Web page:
The Third Man by Peter Mandelson

When New Labour was in power, it was always hard to separate truth from fiction. The project dominated the British political landscape, despite apparent failures in terms of democracy, equality, ecology and planning. Only the relative success in Northern Ireland endured as a lasting legacy, while the catastrophe of Iraq underlined the disconnect between the political class and the people. If New Labour had been less mendacious, the appeal of Jeremy Corbyn would not have been so strong.

As an experienced manipulator of the media, Peter Mandelson must have been familiar with the maxim that when you’re in a hole, stop digging. Hence the rationale behind this defensive and defiant text is hard to fathom. Nevertheless, the succinctness of the narrative and the insight into the unrepentant mindset of a Third Way politician makes the book into an oddly compelling read.

While Mandelson generally privileged communication over policy, his story shows how New Labour was original in that it took its core supporters for granted until the Great Recession. By trying to occupy the media-defined centre ground at all costs, its competing architects made principle into a dirty word. Their lack of appreciation for the intelligence of ordinary citizens is evident:

“For voters, feelings prevail over beliefs. People may be torn between their head and their heart, but ultimately it is their gut feeling that is decisive: they vote for the candidate who elicits the right feelings, not necessarily the one who presents the right arguments.”


All in the Mind by Ludovic Kennedy

This philosophical attack on Christianity leans quite heavily on Freud, Paine and Darwin. Nonetheless, the text also refers to Baron d’Holbach, Nietzsche, Feuerbach and Marx. Lesser atheists are brought in to supplement a personal argument which largely avoids bitterness.

However, the book shares a few of the flaws commonly associated with New Atheism. Sometimes, it judges religion as a failure because it does not operate like science does. Further, it refuses to view religion in metaphorical terms. Ultimately, it is as nearly as relentless and dogmatic as much of the thought it opposes. Kennedy cites Charles Reade with approval:

“The essence of religion is inertia; the essence of science is change.”

Critics of science would argue that change needs to be directed for the welfare of all. Apologists for religion might maintain they could help with the provision of some constructions of the common good. Even agnostics may ask why those who find Christianity to be absurd spend so much time thinking about it.


The Return of the Soldier by Rebecca West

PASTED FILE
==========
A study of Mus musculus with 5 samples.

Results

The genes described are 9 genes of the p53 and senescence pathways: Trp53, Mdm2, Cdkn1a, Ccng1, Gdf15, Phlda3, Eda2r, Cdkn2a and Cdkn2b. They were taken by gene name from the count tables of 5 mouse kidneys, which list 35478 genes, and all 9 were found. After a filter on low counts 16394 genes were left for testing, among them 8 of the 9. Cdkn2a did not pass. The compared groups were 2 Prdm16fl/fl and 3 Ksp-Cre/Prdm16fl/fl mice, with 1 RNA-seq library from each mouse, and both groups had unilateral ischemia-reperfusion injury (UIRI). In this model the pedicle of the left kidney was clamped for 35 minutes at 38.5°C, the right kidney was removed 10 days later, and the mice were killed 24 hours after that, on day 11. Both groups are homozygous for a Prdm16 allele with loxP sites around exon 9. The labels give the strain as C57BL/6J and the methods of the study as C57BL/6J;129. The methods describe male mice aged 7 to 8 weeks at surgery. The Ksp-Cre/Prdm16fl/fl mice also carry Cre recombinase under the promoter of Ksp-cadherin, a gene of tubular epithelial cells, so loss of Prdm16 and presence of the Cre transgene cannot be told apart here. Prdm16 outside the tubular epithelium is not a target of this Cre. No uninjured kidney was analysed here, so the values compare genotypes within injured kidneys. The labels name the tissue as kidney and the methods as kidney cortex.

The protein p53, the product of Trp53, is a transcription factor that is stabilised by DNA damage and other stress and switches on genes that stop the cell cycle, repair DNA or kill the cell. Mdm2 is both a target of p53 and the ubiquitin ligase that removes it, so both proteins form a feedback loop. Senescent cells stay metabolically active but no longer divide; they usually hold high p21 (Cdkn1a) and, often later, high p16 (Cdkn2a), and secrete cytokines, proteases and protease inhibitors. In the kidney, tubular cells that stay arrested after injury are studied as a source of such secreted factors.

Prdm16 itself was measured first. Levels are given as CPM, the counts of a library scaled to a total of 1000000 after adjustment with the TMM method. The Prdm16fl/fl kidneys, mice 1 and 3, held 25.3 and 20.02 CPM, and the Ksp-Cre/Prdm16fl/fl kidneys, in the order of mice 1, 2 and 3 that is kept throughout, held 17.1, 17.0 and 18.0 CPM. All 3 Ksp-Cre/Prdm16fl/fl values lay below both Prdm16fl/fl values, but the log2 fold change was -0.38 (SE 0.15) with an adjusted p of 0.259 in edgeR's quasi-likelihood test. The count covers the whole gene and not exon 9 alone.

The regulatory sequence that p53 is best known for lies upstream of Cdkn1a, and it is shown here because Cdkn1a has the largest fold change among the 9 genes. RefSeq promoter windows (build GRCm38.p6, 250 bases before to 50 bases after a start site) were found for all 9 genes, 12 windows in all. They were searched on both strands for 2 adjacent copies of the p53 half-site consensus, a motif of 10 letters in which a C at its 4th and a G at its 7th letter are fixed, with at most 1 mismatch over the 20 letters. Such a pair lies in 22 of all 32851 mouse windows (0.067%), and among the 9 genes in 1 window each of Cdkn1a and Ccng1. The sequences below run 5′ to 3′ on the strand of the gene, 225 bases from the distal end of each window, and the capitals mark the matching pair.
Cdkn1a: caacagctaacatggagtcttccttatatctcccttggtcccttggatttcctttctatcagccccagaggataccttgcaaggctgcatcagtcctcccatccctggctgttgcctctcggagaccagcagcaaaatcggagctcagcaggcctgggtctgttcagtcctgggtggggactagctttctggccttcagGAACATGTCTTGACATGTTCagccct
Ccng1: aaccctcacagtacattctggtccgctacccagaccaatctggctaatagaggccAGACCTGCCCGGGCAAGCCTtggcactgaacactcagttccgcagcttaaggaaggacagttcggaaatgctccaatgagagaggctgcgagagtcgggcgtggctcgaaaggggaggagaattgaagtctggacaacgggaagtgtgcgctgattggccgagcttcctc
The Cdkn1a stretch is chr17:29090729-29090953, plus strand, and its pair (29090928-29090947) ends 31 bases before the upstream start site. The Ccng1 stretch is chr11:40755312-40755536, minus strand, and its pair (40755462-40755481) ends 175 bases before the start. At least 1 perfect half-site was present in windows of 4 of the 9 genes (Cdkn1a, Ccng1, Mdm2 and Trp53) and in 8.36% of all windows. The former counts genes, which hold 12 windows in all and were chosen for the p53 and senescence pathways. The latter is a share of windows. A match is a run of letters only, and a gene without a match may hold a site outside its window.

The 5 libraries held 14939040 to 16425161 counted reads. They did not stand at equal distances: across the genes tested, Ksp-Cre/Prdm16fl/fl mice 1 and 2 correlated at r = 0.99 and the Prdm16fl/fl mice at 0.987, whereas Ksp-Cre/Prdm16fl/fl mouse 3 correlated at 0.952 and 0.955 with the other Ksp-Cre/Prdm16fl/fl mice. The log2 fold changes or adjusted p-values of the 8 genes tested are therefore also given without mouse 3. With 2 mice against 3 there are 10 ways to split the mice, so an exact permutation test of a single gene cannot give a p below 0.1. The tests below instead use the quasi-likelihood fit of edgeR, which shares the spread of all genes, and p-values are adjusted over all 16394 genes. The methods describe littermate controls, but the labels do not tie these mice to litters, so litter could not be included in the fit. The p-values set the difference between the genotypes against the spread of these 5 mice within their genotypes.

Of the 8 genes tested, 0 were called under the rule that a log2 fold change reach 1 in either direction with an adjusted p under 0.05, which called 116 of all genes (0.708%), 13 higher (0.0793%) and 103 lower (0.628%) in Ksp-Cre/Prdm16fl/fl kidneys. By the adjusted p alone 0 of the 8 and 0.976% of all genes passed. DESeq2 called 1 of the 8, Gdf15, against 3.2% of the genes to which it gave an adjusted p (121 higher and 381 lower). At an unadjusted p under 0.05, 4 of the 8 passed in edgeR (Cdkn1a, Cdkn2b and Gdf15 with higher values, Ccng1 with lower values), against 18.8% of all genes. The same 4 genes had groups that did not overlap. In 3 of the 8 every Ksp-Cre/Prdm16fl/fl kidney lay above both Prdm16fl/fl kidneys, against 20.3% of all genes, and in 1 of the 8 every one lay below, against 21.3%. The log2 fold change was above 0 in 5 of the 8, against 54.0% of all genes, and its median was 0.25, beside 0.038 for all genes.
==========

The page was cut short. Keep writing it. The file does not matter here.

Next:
This short novel is superficially about the bitter cost of the First World War. However, it is really a pretty ode to truth. The central idea of the text is that if we live inauthentic lives our happiness is illusory. Further, the truth may be extremely painful. Hence there is little comfort to be found in the compelling narrative.

Nevertheless, the innocence of the Edwardian era yields a little light relief. The profound social injustices, anxieties and tensions of that period do receive a mention, but the hopes and romances of that time are coloured in with a bright pen. Rebecca West was something of a radical in her youth and her social conscience is evident in this wise book. Her collapse into conservatism occurred later in her career and at this point she had learned:

“There is, you know, really room for all of us; we each have our peculiar use.”

The Year of the Runaways by Sunjeev Sahota

This dramatic novel focuses on hard lives. The characters suffer a lot from some of the exploitation associated with international capitalism. Immigration leads some of them into really desperate situations. However, the circumstances which made travel appear seductive are also portrayed in a grim light.

The narrative is not an easy read in terms of content. Nonetheless, it is composed in a simple and effective style. This means that the reader is not slowed down by complex arrangements of words. Instead, the reader is swept along like the captivating characters they follow.

Ultimately, Sahota does not lead one to believe there are easy answers to the terrible injustices described in the novel. For example, his description of Indian politics emphasises the impact of caste and chaos:

“he said it was the damn Maoists. They’d dumped a truckload of Brahmin bodies in the maidaan a few hours ago…But this was only what he’d heard. None of it might be true.”